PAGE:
The Most Important Number of the Week Is $45.03

This past week was all about whether the “reflation trade” that underpinned the historic rally in equities from the early days of the pandemic is dead. If so, someone forgot to tell the Wall Street analysts whose job is to forecast corporate earnings.

The coming week marks the start of quarterly earnings season, when companies provide an update on their operations. First up are the big Wall Street banks including JPMorgan Chase & Co., Goldman Sachs Group Inc. and Citigroup Inc. That’s nice to know, but what you need to know is that analysts have been boosting their profit forecasts at a record pace. And they may still end up being too conservative.

Earnings estimates for the just-completed quarter were up 7.3% from the start of April to $45.03 a share for the members of the S&P 500 Index heading into this past week,  according to DataTrek Research, which cited data compiled by FactSet. Perhaps even more important is that the latest prediction is still below the $49.06 a share earned in the first quarter, even though the economy likely grew by around 9% on an annualized basis in the latest period, the strongest in decades.

It’s true that markets are more about “What will you do for me?” than “What have you done for me?” And maybe last week’s wild swings in equities that featured the biggest intraday drop since May is a sign investors are worried that at about 22 times this year’s estimated earnings, stocks are priced for perfection and reflect all the good news. After all, with new coronavirus variants spreading quickly, evidence that China’s economy may be weakening and rates of inflation on the rise, perfection is hardly assured.

But it’s not like analysts, who are in regular contact with corporate executives and their insights, are getting cautious about the second half of the year. In fact, full-year estimates have steadily risen to a record $191 a share, from about $163 at the start of January, data compiled by Bloomberg show. That’s unusual because, as DataTrek points out, estimates usually start out high and get whittled down as the year progresses. Note that the 17% increase in estimates lines up nicely with the S&P 500’s gain this year of 16.3%, signaling that any upside surprise in earnings could give equities a further boost.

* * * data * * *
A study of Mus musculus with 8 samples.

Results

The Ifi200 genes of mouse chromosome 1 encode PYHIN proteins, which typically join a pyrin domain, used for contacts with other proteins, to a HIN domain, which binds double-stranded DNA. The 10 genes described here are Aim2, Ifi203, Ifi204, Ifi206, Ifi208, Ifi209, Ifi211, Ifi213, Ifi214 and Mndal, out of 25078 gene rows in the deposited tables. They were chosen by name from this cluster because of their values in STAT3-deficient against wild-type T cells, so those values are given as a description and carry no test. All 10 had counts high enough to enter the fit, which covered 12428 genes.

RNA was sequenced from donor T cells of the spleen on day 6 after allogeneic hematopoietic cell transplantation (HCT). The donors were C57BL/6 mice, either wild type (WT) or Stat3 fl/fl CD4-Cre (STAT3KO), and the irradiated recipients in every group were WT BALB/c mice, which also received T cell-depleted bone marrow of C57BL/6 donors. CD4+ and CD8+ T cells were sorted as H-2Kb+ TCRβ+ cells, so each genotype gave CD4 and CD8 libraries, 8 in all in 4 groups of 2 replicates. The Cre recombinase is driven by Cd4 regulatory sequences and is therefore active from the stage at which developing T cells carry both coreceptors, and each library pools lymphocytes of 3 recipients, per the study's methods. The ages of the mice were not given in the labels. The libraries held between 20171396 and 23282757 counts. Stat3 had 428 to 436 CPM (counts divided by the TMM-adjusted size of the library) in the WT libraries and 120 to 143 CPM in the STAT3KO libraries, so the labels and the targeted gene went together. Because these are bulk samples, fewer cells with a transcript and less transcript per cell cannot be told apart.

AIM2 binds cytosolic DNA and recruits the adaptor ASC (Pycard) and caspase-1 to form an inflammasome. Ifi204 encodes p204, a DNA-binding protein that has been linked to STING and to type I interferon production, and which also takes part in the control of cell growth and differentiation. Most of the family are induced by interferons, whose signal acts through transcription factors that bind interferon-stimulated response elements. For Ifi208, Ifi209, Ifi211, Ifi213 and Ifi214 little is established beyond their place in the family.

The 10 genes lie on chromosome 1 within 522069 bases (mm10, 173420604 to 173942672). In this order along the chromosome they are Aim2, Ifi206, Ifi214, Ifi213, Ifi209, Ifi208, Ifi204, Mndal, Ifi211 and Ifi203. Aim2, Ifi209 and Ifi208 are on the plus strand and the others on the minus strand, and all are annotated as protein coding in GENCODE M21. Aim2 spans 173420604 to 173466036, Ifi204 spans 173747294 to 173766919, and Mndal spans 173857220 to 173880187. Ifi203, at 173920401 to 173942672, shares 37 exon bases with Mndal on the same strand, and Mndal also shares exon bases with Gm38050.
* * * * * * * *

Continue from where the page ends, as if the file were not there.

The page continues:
The key for the rest of the year will be whether the economy can overcome some developing headwinds. Although the recent drop in bond yields suggests the recovery may slow as, among other things, the pandemic lingers and supply-chain disruptions continue to wreak havoc with sales (just ask homebuilders trying to secure lumber or windows), it’s notable how economists have gotten more bullish on the outlook. The economy is likely to expand 7.1% this quarter on an annualized basis and 5.1% in the final three months of the year, according to Bloomberg’s monthly survey of 75 economists that was released Friday. This quarter’s estimate is up from 7% in the June survey and 6.8% in May. The fourth-quarter forecast has improved from 4.9% in June and 4.7% in May. 

Underpinning the improved outlook are strong consumer balance sheets, pent-up demand to spend on things like eating out and traveling, and robust private investment, according to Bloomberg News. Spending on goods has already exceeded pre-pandemic levels, thanks in part to government stimulus checks. Consider that total U.S. household debt payments collapsed to a record low 8.23% of disposable personal income in the first quarter, down from as high as 13.2% heading into the global financial crisis, according to data released by the Federal Reserve on Wednesday.

That’s a lot of dry powder, and it looks like households are taking advantage. The Fed said this week that consumer credit rose by a record $35.3 billion in May, almost double what economists in a Bloomberg survey predicted.

After the record run equities have had from the lows in March 2020, it’s natural that equity investors would be a bit jittery. Markets don’t continuously move higher in a linear manner. And something will eventually cause valuations to reprice to more normal levels, but it won’t likely be anything having to do with this earnings season. 

This column does not necessarily reflect the opinion of the editorial board or Bloomberg LP and its owners.

Robert Burgess is the Executive Editor for Bloomberg Opinion. He is the former global Executive Editor in charge of financial markets for Bloomberg News. As managing editor, he led the company’s news coverage of credit markets during the global financial crisis.